On Aug. 24 the United States women’s olympic soccer coach, Jill Ellis delivered the news to goalie, Hope Solo that she would be given a six-month suspension as well as a terminated contract. Solo, who is often considered by soccer enthusiasts as one of the best female goalies of all time, faces this punishment in response to remarks made during the quarter finals of the Rio Olympics.
Solo called the competing Swedish team “A bunch of cowards.” Not long after, Solo was terminated from her soccer contract.
It is no secret that Solo isn’t a stranger to the negative limelight. According to ESPN, in June of 2014 Solo was arrested on two counts of domestic violence and preceded to resist arrest. On the other hand, Solo, although a controversial character, also has been known as a crusader for women’s equal rights in sports. She has been one of the leading advocates in United States Soccer for fighting for equal pay for men and women. This, unfortunately goes unmentioned in the media. Regardless of her efforts for equality, violence in any form should not be condoned in professional sports. But if punishment is going to be dealt out shouldn’t it be fair?
Many argue that Solo wasn’t released for her unsportsmanlike slurs, but instead her previous rap sheet. Although Solo’s release was not necessarily deserved, it leaves many to wonder if a male did the same, would he be faced with equal punishment?
This list is endless of male professional athletes who have committed heinous crimes and have been dismissed with basically a smack on the wrist.
Atlanta Falcons star, Michael Vick was guilty of running a dog fighting/gambling ring that was responsible for the death of many animals. Vick, found guilty, received a minimal sentence and returned to football shortly after only to sign a contract with the Philadelphia Eagles for $5.25 million in 2010.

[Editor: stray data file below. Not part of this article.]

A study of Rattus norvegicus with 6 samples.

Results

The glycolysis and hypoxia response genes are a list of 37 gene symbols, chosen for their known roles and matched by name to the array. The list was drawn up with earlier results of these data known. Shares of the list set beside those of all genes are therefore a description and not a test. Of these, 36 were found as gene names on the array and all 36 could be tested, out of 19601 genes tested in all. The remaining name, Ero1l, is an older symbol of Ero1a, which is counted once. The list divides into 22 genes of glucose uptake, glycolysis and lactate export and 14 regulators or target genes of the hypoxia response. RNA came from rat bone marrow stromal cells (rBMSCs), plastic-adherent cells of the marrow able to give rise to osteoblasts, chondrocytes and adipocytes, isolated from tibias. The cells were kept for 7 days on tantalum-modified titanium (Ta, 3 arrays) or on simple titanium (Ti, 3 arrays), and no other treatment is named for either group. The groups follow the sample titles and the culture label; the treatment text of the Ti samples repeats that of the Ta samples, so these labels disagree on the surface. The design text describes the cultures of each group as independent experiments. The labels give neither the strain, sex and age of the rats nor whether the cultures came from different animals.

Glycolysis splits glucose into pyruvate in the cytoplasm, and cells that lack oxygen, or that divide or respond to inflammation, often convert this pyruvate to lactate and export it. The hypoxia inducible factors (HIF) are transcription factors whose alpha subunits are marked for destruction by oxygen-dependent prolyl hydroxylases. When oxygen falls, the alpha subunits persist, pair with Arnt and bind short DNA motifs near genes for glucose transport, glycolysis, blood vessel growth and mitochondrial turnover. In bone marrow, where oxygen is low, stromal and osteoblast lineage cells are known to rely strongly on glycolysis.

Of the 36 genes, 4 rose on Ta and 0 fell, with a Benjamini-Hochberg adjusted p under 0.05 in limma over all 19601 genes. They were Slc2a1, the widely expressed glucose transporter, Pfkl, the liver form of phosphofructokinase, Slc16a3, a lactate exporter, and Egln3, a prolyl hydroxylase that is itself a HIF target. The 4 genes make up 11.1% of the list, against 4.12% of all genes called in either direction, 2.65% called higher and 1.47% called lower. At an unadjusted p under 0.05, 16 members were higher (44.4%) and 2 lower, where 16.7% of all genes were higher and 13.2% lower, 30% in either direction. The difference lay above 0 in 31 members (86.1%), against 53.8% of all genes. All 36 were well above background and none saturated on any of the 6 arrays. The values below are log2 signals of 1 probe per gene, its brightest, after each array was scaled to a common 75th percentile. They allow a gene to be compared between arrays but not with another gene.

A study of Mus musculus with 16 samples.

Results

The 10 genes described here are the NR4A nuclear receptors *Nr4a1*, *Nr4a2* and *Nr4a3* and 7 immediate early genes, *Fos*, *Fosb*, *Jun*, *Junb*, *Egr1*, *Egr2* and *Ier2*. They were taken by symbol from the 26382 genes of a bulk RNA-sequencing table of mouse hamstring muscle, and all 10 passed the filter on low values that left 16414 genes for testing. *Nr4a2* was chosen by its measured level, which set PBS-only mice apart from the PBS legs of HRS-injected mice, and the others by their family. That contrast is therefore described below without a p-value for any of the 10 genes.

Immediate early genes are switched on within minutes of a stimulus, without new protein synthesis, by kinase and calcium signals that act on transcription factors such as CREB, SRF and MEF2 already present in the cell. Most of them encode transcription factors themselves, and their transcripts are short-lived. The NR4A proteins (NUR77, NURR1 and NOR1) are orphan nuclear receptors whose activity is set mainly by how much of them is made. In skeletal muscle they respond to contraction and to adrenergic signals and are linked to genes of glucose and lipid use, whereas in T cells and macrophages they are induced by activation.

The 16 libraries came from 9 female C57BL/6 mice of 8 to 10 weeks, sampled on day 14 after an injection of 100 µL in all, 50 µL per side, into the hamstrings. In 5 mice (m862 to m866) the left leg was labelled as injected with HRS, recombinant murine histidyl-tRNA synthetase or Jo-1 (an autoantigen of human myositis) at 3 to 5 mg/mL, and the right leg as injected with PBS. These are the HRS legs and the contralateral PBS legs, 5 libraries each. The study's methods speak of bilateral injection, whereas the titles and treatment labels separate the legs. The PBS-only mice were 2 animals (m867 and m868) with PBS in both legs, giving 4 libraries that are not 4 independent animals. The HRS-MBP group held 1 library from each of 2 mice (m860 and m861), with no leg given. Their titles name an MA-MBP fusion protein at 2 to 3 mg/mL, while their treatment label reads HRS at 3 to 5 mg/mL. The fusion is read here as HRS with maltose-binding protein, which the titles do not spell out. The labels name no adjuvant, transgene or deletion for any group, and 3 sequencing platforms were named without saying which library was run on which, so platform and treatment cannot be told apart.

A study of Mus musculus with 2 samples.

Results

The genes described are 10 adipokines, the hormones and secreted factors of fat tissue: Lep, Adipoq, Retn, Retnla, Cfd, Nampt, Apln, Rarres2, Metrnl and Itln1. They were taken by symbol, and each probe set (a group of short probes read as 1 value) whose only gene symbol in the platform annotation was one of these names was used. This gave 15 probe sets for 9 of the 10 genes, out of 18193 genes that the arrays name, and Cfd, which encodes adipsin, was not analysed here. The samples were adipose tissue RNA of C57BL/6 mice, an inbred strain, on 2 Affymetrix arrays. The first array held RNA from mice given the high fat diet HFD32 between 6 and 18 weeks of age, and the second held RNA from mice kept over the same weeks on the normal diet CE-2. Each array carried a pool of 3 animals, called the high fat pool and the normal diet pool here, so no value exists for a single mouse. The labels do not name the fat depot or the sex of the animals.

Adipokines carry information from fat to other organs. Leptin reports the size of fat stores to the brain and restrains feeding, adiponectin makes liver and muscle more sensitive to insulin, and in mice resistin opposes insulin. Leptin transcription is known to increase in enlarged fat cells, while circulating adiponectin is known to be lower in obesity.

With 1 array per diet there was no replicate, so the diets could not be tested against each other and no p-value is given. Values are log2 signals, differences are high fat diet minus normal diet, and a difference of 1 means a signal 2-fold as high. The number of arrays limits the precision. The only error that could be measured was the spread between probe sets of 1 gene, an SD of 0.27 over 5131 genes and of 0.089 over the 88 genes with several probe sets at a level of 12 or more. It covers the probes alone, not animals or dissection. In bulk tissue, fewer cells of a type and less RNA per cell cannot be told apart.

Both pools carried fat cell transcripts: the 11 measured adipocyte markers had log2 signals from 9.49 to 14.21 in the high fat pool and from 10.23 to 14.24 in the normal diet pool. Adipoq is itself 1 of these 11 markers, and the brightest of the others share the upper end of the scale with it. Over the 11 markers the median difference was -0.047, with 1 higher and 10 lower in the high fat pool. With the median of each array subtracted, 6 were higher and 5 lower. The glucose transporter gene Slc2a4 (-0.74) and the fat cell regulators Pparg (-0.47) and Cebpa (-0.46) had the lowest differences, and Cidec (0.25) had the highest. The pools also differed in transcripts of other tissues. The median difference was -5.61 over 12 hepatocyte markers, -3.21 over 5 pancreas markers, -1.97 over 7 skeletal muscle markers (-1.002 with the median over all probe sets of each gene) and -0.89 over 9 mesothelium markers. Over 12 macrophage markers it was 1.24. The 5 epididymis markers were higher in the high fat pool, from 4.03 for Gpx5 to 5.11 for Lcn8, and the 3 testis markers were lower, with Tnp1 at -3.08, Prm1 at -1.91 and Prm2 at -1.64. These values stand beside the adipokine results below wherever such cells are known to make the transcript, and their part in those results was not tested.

Soccer player Christiano Ronaldo is considered to be the best football player in the world by many, but he also is known to have very poor sportsmanship. One of the more famous instances was when Ronaldo referred to Iceland players as playing with “small mentality.” Later in the same game, Ronaldo refused to engage in a shirt exchange initiated by Iceland captain, Aron Gunnarsson, showing a lack of remorse in his poor sportsmanship. Other than poor media coverage, Ronaldo received no punishment for this.
In recent news, fellow olympic athlete, swimmer Ryan Lochte, claimed he and three other teammates were robbed at gunpoint in Rio. The story ended up being one fabricated by Lochte and was debunked by police authorities. Despite the fabricated story, Lochte will face no repercussions. This is coming from the same higher up institution that punished Solo.
Let’s not all forget NBA player Kobe Bryant who was convicted of rape in 2003 and then went on to still have a contract making millions of dollars.
There is definitely the argument that the history of misogyny in athletics is present. From the unequal pay between male and female athletes to a potential unequal punishment between the genders.
Hope Solo has yet to apologize for her actions and continues to claim instead she commented, “My entire career, I have only wanted the best for this team, for the players and the women’s game,” (Fortune). Although some of these accounts are surrounded by different circumstances the fact of the matter is Solo most likely received a harsher punishment than a male would have.
Ali Schultz studies journalism. She can be reached at firstname.lastname@example.org and on Twitter @TheSagebrush.